I’ve now been awake for 28 hours, I spent the last 10 riveted in front of the laptop, last night’s alcohol has worn off – I’m not sure whether that’s due the uncountable cups of tea I’ve had or just down to the time – and sleep is starting to claim me.
Also things are happening as I write so I’m sticking them is as they come. Such as Cameron announcing he will resign – presumably after the Tory Party
bloodbath Conference in the autumn. So much for his response of he thought he’d be good at it when asked why he wanted to be Prime Minister. I think he has his legacy, just not the one he expected (nor the pig one either surprisingly enough)
HOWEVER, despite the slow and inexorable realisation as the night progressed that leave was going to win – and I feel sorry for those that woke to it without warning, seeing that tactless, insensitive prick Farage grinning first thing cannot be pleasant – I do not have the heart-breaking despair that I felt on the 19th September 2014. I do not exaggerate when I say that day was like a bereavement.
Today however is different. I spent the night checking how Scotland voted, tallying the results off the @BBCReferendum account, and although I was concentrating on the Scottish areas I could see how the English tallies were falling, and those for Remain were few and far between.
Despite how many of our Scottish unionist press try to bend the narrative that England and Scotland are similar, there are differences. And I think this vote shows this. Not a single area in Scotland voted leave, admittedly Moray was close at 50.12 but 13 of the 32 areas had remain percentages over 70%, and the average was 62% for Remain, whereas the average in England was 53.4% for Leave.
What people forget is Scotland has approximately 30% of the UK’s landmass with only 9% of the population, and if we must talk about immigration this issue up here is that there isn’t enough people. Additionally the Scottish Government has done its best to protect services where as consecutive Westminster governments have defunded in England and Wales, allowing services to fail in order to allow privatisation. For example 280 more firefighter jobs are due to be cut in Manchester; 552 were lost in 2014 when 10 fire stations were closed in London under Johnson’s time as mayor. Such severe cut backs affect services.
Nicola Sturgeon issued a statement once the final Scottish result was announced, around 5 am ish (I can’t remember exactly it gets light here from 3 am)
Scotland has delivered a strong, unequivocal vote to remain in the EU, and I welcome that endorsement of our European status.
And while the overall result remains to be declared, the vote here makes clear that the people of Scotland see their future as part of the European Union.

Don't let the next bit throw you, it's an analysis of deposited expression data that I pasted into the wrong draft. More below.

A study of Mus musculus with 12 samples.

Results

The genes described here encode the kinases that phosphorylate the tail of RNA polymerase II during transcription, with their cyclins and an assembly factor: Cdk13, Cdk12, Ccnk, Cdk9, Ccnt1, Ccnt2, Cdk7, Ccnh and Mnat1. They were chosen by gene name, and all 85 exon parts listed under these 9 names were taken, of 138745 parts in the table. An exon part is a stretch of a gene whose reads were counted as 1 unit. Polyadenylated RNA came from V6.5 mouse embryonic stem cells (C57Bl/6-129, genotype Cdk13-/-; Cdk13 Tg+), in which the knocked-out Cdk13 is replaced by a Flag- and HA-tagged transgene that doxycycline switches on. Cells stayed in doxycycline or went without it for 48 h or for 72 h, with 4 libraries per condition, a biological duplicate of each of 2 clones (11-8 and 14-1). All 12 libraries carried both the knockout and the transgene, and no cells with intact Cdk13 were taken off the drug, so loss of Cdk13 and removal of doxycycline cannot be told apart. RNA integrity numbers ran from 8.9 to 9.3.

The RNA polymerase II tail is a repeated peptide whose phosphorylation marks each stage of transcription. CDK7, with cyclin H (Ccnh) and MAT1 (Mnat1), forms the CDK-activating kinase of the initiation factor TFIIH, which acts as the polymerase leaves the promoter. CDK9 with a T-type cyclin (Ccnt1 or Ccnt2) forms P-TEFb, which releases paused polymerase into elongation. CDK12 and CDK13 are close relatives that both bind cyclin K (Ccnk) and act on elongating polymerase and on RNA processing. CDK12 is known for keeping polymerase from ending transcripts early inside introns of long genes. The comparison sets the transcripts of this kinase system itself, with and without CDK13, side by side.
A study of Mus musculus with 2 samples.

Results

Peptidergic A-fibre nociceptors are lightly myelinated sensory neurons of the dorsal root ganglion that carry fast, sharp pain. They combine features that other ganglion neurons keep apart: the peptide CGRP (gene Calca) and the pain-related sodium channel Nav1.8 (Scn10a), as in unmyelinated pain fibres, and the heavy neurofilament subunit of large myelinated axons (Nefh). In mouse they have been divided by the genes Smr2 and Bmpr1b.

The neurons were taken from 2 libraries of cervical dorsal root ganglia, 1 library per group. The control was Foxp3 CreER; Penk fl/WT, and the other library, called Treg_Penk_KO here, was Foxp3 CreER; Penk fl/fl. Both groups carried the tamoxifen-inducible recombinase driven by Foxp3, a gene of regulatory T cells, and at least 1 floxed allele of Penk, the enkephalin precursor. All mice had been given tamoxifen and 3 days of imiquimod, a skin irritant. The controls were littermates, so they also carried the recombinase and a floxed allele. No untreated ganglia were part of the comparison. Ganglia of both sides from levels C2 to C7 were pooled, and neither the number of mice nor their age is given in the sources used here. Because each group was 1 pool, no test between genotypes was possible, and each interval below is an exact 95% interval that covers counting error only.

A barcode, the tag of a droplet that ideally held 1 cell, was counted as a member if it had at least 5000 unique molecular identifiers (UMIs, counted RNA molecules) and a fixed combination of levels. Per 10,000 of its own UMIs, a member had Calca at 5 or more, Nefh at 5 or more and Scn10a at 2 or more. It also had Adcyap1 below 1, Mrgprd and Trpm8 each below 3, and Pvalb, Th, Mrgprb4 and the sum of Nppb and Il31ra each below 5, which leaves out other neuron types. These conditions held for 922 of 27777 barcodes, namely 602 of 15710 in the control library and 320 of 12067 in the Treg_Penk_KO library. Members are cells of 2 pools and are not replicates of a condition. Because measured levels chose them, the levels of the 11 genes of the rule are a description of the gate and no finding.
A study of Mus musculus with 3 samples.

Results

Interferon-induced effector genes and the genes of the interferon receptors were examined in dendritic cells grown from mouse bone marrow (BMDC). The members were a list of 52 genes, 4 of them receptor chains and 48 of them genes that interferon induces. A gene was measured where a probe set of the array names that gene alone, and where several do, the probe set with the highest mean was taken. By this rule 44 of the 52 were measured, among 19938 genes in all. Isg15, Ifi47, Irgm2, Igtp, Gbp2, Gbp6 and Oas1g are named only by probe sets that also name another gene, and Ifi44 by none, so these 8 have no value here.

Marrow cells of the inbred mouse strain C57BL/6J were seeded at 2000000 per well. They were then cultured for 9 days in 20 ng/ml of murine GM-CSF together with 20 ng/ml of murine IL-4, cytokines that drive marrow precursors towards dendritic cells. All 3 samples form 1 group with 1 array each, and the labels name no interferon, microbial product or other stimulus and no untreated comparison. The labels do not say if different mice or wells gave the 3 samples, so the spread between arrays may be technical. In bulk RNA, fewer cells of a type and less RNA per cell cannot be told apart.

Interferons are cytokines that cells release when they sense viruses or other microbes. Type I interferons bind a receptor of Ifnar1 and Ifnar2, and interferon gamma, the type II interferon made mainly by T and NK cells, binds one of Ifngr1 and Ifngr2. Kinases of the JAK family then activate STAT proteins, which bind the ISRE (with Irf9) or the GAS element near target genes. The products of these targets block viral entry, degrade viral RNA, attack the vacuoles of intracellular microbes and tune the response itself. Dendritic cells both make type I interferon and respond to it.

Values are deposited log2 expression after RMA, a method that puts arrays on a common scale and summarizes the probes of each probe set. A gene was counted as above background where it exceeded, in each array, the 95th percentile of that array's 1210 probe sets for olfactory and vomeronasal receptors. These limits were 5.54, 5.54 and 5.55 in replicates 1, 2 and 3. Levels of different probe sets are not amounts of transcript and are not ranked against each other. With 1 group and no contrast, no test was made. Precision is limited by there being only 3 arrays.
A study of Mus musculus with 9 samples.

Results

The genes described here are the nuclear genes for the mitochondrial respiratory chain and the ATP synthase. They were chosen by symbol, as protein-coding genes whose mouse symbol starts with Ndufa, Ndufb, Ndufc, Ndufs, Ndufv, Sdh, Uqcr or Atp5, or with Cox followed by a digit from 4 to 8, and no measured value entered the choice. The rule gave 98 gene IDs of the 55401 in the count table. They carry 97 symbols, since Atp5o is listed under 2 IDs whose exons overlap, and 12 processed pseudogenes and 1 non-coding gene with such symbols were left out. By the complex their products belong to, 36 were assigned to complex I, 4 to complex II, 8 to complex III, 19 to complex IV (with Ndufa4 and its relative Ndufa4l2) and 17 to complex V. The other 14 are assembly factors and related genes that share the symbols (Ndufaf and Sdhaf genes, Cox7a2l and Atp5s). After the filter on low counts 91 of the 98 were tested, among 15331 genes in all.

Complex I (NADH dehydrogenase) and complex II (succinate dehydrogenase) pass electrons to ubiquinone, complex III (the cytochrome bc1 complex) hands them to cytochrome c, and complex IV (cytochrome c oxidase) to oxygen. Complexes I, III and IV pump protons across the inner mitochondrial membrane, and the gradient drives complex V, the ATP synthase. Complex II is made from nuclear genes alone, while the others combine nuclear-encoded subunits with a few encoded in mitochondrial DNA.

Scotland has contributed significantly to the Remain vote across the UK. That reflects the positive campaign the SNP fought, which highlighted the gains and benefits of our EU membership, and people across Scotland have responded to that positive message.
We await the final UK-wide result, but Scotland has spoken – and spoken decisively.
The Green Party in Scotland have also got off the mark quickly, so our pro-indy majority in Holyrood looks raring to go.
What’s the difference between now than 2014? During the first referendum the EU wouldn’t/couldn’t speak to us due to protocols, but now we are European citizen’s at risk of losing our citizenship against our own wishes. Plus I believe under Article 50 we now have the opportunity to be the continuating state. And we have all that water and those lovely fish stocks.
Also keeping Scotland and possibly Northern Ireland makes Brexit less of a loss of face to the EU (whilst thumbing their noses at England & Wales) And as I write this Merkel has said we can stay!
So we didn’t experiance the Schadenfreude of keeping the UK in – come on it would have been funny, after all the “don’t go Scotland; lead, don’t leave the UK.”
Instead my twitter timeline seems full of a range of people all saying pretty much the same thing, that they voted No in 2014 but now are reconsidering in view of Brexit – even world-famous authors.
So what about the other parts of the British Isles…
Firstly the Crown Protectorates – the Isle of Man, Jersey and Guernsey – 250,000 people whose governments wished to take part in the referendum but were denied permission by the Queen. Be interesting to see how this affects their financial services.
Then Wales, what are you up to? 52.53% to leave! You’ve not done bad out of the EU, although I guess the fact you elected 7 UKIP Assembly Members should have given us a clue you weren’t happy.
Next Northern Ireland voted 55.73% to remain and already Sinn Féin has made calls for a referendum on a united Ireland. Alongside this Ireland’s Taoiseach Enda Kenny is to make a statement later today and in the meantime the Irish government has said the vote will have “very significant implications for Ireland”.
And we cannot forget Gibraltar who may not be part of the British Isle but did get a vote. 96% of voters chose to stay in the EU and Brexit will make what must be a tricky diplomatic situation with the Spanish government even more difficult. I can’t imagine they will be happy about another Scottish push for independence either with their situation in Catalonia.
OKAY – this is going to take much longer than I thought even for initial thoughts. I’ll be back later with part 2.